Barrett studies the cognitive science of religion and has authored three books on the topic, including one published in 2011 titled "Cognitive Science, Religion and Theology" and one published in March entitled "Born Believers: The Science of Children's Religious Belief."

"Why do people believe in God?" Professor of Biology Ken Miller '70 P'02 asked as he introduced Barrett. "Is religion a form of conditioning that we impose upon our children, surviving only because of the insistence of powerful cultural actors?" Or, Miller continued, "is there something innate in the human psyche that compels us to seek reason to believe?"

Barrett's talk drew on scientific evidence that supports biological rather than cultural foundations of religious belief. He began by pointing to the existence of religious beliefs in a wide range of communities and proposed that the way the human mind naturally responds to the environment accounts for religion's universality.

To understand the way the mind works, one must discard the commonly used "sponge model," he said. Rather than just soaking up everything, the human mind processes ideas through two systems - a fast system, which accounts for immediate, gut intuitions, and a slow system, which further examines ideas from the fast system, Barrett said. "Unless you have good reason to think that (the fast) system is mistaken, that's the way you form your belief," Barrett said.

The human mind has "conceptual gaps," which seek to be filled with causal explanations, Barrett said. But only some explanations will fill those gaps well enough to pass through the more critical "slow system," Barrett said. 

The existence of some type of God appeals to the mind partly because of its ability to identify things in the environment with agency, such as people and animals. This device, Barrett said, was crucial evolutionarily because it makes us attuned to "actors" that could potentially be threatening to our survival. That same device "gives us reason to think there's an agent around that later investigation shows can't be a normal human or animal type of agent. It must be special," he said.

Barrett said there are also other "developmental biases" that cause people to believe that there is some "super-knowing, super-perceiving and perhaps immortal" God-like figure. For example, experiments have shown that young children believe that everyone around them is all-knowing because they have not yet developed the ability to understand other people's mental states. This non-religious feature of children minds could explain their ability to conceptualize and believe in one or more gods, Barrett said.

But some scientists say the very fact that belief in God can be explained by evolution renders God unreal. In other words, if we know why we believe in God, then we know God is not real. In response, Barrett quoted one of the lines from the seventh Harry Potter book, in which Dumbledore explains to Harry that just because something is happening inside his head does not mean it is not real.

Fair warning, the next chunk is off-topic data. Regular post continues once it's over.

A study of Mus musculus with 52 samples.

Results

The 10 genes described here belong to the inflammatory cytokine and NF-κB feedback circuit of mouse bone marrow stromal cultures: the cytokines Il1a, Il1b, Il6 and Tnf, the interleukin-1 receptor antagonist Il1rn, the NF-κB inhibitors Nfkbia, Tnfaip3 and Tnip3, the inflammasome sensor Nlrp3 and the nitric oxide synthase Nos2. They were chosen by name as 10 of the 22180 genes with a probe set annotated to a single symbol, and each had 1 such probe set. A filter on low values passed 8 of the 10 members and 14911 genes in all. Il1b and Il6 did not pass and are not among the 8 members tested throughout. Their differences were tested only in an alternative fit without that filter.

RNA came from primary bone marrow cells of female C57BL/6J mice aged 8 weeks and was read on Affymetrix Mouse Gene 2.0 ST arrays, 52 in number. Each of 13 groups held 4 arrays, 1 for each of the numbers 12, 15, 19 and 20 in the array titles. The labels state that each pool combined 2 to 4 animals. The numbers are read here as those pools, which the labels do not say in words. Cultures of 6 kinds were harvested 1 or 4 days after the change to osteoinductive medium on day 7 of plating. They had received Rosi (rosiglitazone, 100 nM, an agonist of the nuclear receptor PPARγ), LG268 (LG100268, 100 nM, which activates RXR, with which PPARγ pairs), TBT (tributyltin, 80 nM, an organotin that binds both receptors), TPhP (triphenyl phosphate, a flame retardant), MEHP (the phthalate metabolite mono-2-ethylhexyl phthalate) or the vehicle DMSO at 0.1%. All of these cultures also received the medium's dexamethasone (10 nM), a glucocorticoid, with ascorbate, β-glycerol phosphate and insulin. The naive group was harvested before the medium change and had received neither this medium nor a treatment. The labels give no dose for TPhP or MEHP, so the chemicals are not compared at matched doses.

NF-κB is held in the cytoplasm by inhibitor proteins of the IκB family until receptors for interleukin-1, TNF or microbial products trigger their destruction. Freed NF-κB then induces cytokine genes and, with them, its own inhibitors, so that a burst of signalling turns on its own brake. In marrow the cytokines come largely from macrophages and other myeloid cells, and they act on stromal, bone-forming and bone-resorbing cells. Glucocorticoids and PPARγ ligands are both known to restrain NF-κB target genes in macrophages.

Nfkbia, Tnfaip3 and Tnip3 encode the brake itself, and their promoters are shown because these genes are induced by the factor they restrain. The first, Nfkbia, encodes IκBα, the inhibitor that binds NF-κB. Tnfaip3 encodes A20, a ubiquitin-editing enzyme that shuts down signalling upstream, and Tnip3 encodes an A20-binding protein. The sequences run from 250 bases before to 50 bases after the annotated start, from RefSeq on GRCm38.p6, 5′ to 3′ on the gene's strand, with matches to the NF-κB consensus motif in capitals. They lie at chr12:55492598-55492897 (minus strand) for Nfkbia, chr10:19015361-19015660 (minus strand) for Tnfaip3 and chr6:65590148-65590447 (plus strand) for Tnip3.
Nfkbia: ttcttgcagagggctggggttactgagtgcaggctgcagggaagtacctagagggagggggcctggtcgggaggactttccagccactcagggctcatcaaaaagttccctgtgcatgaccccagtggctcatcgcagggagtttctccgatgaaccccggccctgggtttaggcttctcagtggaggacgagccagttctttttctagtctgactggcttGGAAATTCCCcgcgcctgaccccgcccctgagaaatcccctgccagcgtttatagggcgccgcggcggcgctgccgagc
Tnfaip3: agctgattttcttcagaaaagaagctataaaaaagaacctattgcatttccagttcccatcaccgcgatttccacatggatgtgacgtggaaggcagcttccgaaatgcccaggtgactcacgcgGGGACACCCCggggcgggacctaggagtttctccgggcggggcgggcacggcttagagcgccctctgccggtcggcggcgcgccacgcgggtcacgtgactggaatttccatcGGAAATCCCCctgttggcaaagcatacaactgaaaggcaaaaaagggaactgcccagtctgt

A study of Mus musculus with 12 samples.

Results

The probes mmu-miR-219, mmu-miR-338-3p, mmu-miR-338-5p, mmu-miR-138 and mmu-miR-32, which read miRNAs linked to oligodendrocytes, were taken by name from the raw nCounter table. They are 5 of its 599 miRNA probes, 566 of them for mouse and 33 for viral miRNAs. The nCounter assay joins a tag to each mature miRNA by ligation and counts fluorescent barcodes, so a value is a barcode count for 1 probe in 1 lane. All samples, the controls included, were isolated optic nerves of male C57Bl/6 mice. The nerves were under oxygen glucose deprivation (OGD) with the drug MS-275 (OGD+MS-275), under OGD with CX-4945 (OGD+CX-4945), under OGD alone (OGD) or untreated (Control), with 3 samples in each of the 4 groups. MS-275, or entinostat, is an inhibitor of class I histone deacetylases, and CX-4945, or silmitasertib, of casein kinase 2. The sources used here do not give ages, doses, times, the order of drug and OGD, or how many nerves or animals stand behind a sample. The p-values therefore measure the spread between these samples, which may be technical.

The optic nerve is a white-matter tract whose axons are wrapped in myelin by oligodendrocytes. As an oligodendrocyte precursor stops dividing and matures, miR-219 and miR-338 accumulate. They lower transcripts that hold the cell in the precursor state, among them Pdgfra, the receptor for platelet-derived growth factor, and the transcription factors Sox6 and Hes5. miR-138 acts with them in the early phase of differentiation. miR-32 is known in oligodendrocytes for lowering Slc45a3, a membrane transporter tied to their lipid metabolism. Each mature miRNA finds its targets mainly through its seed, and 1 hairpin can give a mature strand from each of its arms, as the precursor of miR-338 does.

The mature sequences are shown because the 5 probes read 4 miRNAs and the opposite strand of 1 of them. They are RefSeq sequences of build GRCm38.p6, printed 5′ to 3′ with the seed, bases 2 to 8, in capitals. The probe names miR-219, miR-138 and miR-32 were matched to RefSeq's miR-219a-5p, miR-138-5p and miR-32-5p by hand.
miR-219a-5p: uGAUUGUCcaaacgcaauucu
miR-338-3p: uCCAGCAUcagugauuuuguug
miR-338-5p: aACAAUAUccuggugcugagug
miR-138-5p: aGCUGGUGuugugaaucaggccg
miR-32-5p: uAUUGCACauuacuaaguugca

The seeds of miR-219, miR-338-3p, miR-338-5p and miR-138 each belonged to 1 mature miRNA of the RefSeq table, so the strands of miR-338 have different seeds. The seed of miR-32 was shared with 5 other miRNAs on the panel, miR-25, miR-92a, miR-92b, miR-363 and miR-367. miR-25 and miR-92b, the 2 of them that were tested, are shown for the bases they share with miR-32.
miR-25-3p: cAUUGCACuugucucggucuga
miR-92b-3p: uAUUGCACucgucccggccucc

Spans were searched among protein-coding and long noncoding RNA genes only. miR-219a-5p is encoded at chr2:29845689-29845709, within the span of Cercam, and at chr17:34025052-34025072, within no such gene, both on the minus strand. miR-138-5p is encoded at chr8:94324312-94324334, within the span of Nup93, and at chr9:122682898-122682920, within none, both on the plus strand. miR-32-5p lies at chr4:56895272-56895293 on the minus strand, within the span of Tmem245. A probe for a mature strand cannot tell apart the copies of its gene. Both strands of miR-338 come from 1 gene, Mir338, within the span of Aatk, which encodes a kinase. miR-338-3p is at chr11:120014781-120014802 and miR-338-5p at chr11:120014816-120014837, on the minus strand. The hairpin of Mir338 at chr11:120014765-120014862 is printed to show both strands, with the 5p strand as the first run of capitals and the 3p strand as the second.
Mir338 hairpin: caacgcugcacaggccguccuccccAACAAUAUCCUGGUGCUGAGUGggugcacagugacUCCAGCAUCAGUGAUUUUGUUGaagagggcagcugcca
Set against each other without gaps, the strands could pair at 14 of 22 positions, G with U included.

"Evolutionary psychologists can tell you why you think your mother loves you," Barrett said, comparing the belief in a mother's love to the belief in God. Just because they can explain that through science, it does not mean her love does not exist, Barrett said.

Human belief in God may actually serve as weak evidence for God's existence, he said. If there was no God, the probability that so many people evolved to believe in one God would be lower, he said.

This is where their beliefs diverge, Miller told The Herald. While Miller said he agreed with Barrett's assertions that science and religion are compatible and that biology explains the origin of religious belief, he does not see those beliefs as "weak evidence" for the existence of a God.

Barrett clarified that his work in the realm of cognitive science is not what compelled him to believe in God. Like many Christians, he had the strong impression that there are "deeper meanings and purposes in events" and likes the idea that there is a "law-like and regular" force in the universe.

After Barrett's talk, Miller posed a few questions for Barrett and then moderated a question and answer session with the audience.

Barrett said he thinks constructing a society without some form of religion or spirituality would be nearly impossible. Despite a marked drop in Christianity over the past 30 years, specifically within the United Kingdom, beliefs in other spiritual forces like ghosts or astrology have nearly doubled, he said.

Barrett said evolution can probably also explain why some people do not believe in God, but more work is needed on the topic. "Suppose we do come up with such an explanation," Barrett said. "Then we've explained away God and explained away not-God. Clearly, we haven't explained away either one."